Article published by QUADRIGA and permission given to copy.
We hear a lot about up and coming modern developments but it’s vital we don’t forget about our heritage buildings which can be as much a part of our future as new builds. The integration of heritage buildings and modern developments can be extremely successful, providing a unique insight into the local culture past and present. There are many benefits to preserving historic buildings and structures.
1. They offer an insight into culture and history Heritage buildings are tangible pieces of history. By visiting such buildings we can immerse ourselves in the past and develop our understanding of former societies. Buildings offer insights into the culture and history of a certain place with much more impact than books or television programmes. You don’t have to imagine what the past was like when you can see it for yourself.
2. Once they’re gone, they’re gone There’s no worse feeling than regret and this is especially true with old buildings. If a historic building is demolished, we don’t just lose the architecture and fabric, we lose important history, culture and identity which can’t be replaced. Likewise if a building is allowed to fall into a state of disrepair then demolition may be the only viable financial option and history is permanently lost.
3. Heritage Happiness It’s been proven that heritage makes us happy! The Heritage Counts 2014 report showed that visiting heritage sites has a positive effect on well being, even more so than playing sports. Similarly, a 2016 report from Historic England found that 93% of residents say local heritage has an important impact on their personal quality of life. Historic sites not only add value to communities through happiness and increased income but they also improve the local landscape with 80% of people believing heritage sites make their home a better place to live. Historic buildings are viewed favourably due to their beautiful and often grand architecture whilst also conveying a sense of longevity and local pride.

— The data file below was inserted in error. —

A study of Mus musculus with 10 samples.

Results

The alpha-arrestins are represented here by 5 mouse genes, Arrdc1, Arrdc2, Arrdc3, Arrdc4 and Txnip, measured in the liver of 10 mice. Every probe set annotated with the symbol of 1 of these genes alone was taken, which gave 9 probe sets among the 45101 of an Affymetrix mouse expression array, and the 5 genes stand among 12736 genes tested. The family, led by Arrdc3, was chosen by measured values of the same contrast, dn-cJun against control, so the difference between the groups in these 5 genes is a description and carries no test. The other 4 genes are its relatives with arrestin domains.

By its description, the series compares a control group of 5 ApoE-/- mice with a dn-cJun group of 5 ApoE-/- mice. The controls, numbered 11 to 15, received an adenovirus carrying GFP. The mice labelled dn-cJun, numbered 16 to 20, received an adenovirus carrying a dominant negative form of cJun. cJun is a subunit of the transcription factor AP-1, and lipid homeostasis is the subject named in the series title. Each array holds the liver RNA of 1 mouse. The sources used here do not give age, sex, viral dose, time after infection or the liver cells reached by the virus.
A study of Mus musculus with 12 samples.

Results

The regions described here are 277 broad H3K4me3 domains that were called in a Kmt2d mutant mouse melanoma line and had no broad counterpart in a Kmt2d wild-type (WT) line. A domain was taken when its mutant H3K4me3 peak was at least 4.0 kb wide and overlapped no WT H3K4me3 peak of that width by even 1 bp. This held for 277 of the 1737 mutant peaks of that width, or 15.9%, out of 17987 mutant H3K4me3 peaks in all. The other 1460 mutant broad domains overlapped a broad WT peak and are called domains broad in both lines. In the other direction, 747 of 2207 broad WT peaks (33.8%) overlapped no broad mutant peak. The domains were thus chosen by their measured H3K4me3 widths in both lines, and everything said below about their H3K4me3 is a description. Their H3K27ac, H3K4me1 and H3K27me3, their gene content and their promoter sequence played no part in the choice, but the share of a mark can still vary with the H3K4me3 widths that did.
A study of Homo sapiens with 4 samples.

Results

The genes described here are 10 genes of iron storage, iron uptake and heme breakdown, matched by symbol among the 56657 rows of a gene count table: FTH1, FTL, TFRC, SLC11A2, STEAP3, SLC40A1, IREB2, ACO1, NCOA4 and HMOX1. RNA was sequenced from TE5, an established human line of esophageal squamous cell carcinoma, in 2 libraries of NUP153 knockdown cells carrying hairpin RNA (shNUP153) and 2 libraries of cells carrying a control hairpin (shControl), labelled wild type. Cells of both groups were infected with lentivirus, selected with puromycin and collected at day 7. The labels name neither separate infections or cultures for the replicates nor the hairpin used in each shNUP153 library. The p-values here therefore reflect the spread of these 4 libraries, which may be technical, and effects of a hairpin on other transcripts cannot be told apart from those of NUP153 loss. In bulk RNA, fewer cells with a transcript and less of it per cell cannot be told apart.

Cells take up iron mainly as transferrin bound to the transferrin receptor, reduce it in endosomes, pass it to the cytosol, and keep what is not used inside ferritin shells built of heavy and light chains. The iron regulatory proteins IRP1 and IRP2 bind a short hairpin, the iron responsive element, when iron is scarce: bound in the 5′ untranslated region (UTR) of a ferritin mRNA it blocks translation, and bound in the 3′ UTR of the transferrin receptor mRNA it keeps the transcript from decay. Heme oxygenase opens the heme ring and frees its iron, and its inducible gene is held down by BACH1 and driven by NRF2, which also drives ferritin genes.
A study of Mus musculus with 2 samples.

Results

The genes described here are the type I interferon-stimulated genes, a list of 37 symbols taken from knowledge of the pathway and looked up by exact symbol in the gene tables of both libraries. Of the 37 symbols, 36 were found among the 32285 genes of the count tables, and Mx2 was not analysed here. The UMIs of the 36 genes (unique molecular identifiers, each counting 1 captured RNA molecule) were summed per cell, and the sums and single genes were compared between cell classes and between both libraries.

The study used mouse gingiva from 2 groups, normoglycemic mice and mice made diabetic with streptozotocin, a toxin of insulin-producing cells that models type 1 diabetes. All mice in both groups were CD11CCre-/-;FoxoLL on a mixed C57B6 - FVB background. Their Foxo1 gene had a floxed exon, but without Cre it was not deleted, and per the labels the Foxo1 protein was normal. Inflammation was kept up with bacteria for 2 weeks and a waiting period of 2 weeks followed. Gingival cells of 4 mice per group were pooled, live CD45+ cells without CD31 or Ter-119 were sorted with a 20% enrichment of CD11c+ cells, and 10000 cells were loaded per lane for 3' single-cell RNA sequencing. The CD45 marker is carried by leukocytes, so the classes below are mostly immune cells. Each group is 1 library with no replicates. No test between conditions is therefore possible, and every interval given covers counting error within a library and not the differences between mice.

4. They’re good for the economy Heritage sites attract tourists, tourists bring money and money can be pumped back into the maintenance of a site and the local community. People will travel from all over the country and the world to explore unique and well cared for heritage sites and this can help future proof the history and culture of an area. Communities and cities can also benefit from the repurposing of historic buildings as they can be restored sympathetically to meet modern day needs. A good example of this is the Hanover Building in Manchester which is part of the modern NOMA development. The building was once used as a drapery warehouse and whilst the use will change, the architecture and fabric is being carefully restored and preserved. The result will be a fusion between modern and historic; a preservation of the past that can be used and appreciated by generations to come.
5. Sustainability Transforming heritage buildings into adaptable spaces that meet the needs of modern society helps to ensure sustainability for the future. Preserving or repurposing old building requires much less energy and time and produces less waste than demolition and new builds. It’s also possible to use energy conservation techniques in older buildings to reduce energy wastage and costs and to enhance comfort for those visiting or working there.
6. Preserving historical crafts In order to preserve heritage buildings, heritage skills are required to make sure that the techniques used and the final refurbishment and repairs match as closely to the original as possible. If we don’t continue to preserve old buildings, we lose the need for these specialist heritage skills and they will eventually die out. It’s vital to preserve historic skill sets such as heritage plastering so that this element of the past is not lost.
7. Quality design and construction Many heritage buildings, although maybe in need of repairs, are of sound structure. The original quality of the design and construction has meant that the buildings have stood the test of time and if they are well cared for and preserved they will stand for many more years to come. Longevity is key here, many modern buildings come and go but heritage buildings were designed to last and this adds to the importance of them as landmarks in our social and cultural landscape.